When I was new to the working world and career world, I would always hear the same advice over and over again. That advice was “make sure you keep in touch with previous employers, co-workers and people you meet”. Even though I heard this advice time and time again, I feel like I wasn’t really listening. The thought of networking or making connections was just very daunting and I felt that as a shy girl, who wasn’t the most sociable I would never have “connections” and boy was I wrong!
It took me a while to realize that no matter your personality or path in life or chosen career industry, you are bound to meet people, whether you call them connections or friends or simply acquaintances, you are going to meet people along your career journey.
As I got older I realized the value that people have. Apart from having value that could potentially help you in your career someday, people are just valuable in general.
Now, that I have been in the working world for over 10 years, I have learned to let go of my fears and hold on to the people I’ve met along the way. Even if I don’t talk to them for months or even years, they are valuable and I know that I can always learn from them in many ways.
Today, I wanted to write this blog post for all my career girls (and guys) out there who are not sure how to start cultivating relationships in your professional life. My #1 piece of advice is to start as early as possible. This means that if you’re in college, start now! The earlier you start, the better.
There are many simple ways that you can ensure your “connections” always remember you. Here are 5 ways you can do this. These are simple but, I honestly feel that they are effective.
- The happy birthday text/email. Now I can’t take full credit for this one because I did learn it from my previous boss, Lauren Berger, over at Intern Queen but I do remember that she would always give this piece of advice. I mean who doesn’t feel special when someone reaches out and says happy birthday? This little gesture is a fun way to stay in touch with people you’ve met.
- Share your accomplishments via email. This one is another good one. Are you moving houses? Did you graduate? Did you accomplish something fun worth sharing? Seeing as we all spend a lot of time on email, it’s always nice to see that email from a past acquaintance, friend, co-worker, you name it. I personally have received these emails from time to time and I 100% guarantee you that they put a smile on my face.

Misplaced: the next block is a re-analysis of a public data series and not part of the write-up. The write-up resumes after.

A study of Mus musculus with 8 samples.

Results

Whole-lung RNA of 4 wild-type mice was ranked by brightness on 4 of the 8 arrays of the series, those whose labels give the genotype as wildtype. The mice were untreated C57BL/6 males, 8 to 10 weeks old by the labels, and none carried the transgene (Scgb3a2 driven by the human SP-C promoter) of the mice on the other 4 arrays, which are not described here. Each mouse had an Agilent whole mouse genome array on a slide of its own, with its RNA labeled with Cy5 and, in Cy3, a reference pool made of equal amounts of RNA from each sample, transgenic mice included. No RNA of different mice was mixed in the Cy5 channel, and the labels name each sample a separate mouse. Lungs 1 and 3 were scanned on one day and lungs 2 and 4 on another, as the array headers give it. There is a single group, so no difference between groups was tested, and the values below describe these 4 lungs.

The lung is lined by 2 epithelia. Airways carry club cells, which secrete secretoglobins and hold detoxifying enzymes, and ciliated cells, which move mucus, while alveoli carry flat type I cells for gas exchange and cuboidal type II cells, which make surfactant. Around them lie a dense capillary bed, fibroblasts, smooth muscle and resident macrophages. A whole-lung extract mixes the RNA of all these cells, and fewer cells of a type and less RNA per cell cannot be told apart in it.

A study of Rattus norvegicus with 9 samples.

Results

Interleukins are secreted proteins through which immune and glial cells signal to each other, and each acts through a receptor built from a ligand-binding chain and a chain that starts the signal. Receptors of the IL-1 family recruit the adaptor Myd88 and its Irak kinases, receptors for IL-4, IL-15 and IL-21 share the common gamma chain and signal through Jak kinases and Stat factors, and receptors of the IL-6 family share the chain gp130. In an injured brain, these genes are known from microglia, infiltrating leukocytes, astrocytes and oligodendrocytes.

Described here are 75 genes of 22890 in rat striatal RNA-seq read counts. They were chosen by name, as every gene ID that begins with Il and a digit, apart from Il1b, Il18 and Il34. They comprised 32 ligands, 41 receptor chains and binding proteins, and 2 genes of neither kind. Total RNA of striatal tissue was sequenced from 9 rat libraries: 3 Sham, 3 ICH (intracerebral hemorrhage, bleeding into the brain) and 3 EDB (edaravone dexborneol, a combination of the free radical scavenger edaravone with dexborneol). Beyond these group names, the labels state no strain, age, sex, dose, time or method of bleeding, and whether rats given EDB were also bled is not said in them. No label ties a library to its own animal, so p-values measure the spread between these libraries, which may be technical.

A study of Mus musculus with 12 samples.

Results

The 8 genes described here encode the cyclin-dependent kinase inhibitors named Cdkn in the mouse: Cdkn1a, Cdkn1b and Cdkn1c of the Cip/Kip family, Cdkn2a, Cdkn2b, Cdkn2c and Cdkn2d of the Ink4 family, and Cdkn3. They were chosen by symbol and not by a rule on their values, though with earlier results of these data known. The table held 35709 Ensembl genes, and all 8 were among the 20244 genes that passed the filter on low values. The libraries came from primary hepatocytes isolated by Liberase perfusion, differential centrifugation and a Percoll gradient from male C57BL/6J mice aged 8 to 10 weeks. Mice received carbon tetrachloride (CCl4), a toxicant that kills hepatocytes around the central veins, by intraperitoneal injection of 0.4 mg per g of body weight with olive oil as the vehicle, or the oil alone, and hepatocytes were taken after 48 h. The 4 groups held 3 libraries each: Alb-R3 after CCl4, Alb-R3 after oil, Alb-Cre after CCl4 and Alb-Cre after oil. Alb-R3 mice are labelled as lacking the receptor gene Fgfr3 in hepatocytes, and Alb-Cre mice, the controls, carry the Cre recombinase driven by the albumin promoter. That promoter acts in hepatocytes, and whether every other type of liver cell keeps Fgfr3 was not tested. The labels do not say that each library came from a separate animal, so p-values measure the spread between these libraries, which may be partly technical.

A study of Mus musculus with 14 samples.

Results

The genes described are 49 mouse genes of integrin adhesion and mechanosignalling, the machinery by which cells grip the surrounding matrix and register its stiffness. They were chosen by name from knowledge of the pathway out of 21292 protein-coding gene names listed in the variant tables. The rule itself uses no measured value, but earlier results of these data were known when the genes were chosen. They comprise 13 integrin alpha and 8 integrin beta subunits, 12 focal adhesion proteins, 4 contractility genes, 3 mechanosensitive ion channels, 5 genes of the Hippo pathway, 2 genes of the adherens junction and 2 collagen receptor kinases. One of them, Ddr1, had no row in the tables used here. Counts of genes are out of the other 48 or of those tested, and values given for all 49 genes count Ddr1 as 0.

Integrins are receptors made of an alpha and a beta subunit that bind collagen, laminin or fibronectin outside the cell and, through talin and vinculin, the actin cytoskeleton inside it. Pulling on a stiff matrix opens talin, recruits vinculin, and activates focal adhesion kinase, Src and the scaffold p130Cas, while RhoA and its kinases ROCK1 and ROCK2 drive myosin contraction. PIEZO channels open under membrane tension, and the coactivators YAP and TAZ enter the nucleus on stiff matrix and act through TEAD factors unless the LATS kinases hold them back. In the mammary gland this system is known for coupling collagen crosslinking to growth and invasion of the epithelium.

- Engaging through social media and/or LinkedIN: Ok serious question. How many of you have a LinkedIN account? If your answer was no, then make sure you read my post where I share 5 LinkedIN Tips with you. LinkedIn is such an easy way to stay in touch. It doesn’t take effort and you get to see what your connections are up to in their professional lives. Staying engaged with their content is an easy way to stay in touch.
- Send a postcard or thank you note: I think this is a fun way for you to stay in touch with previous connections because it’s different. In such a technological world, it’s not very often that people receive physical mail and when they do, I feel that it is much appreciated. I also feel that a lot of people that receive these nice postcards or thank you notes often display them on their desk or around their workspace. Perfect way for them to remember you especially if they are seeing something you sent them on an everyday basis 😉
- Congratulate them on something they have achieved: This one is also a very big one and you can certainly do this various ways. If a person you worked with before, or a professor or just anyone else you know, gets a promotion or an award or achieves something worth celebrating, congratulate them. It’s as easy as “Hi (Insert Name), Hope you are well. Congratulations on your promotion. Keep up the good work.”
So, how often should you stay in touch with your connections? I’ve heard 2-3 times per year (unless there are more times than that where you can engage with them through the various ways I shared above).
Honestly, staying in touch with people doesn’t mean that you’re only doing so because you’ll need something from them someday. It’s a way to keep up in touch with people whom you’ve come across in your career. I look at it as a way for me to learn from them and maybe they will also learn something from me.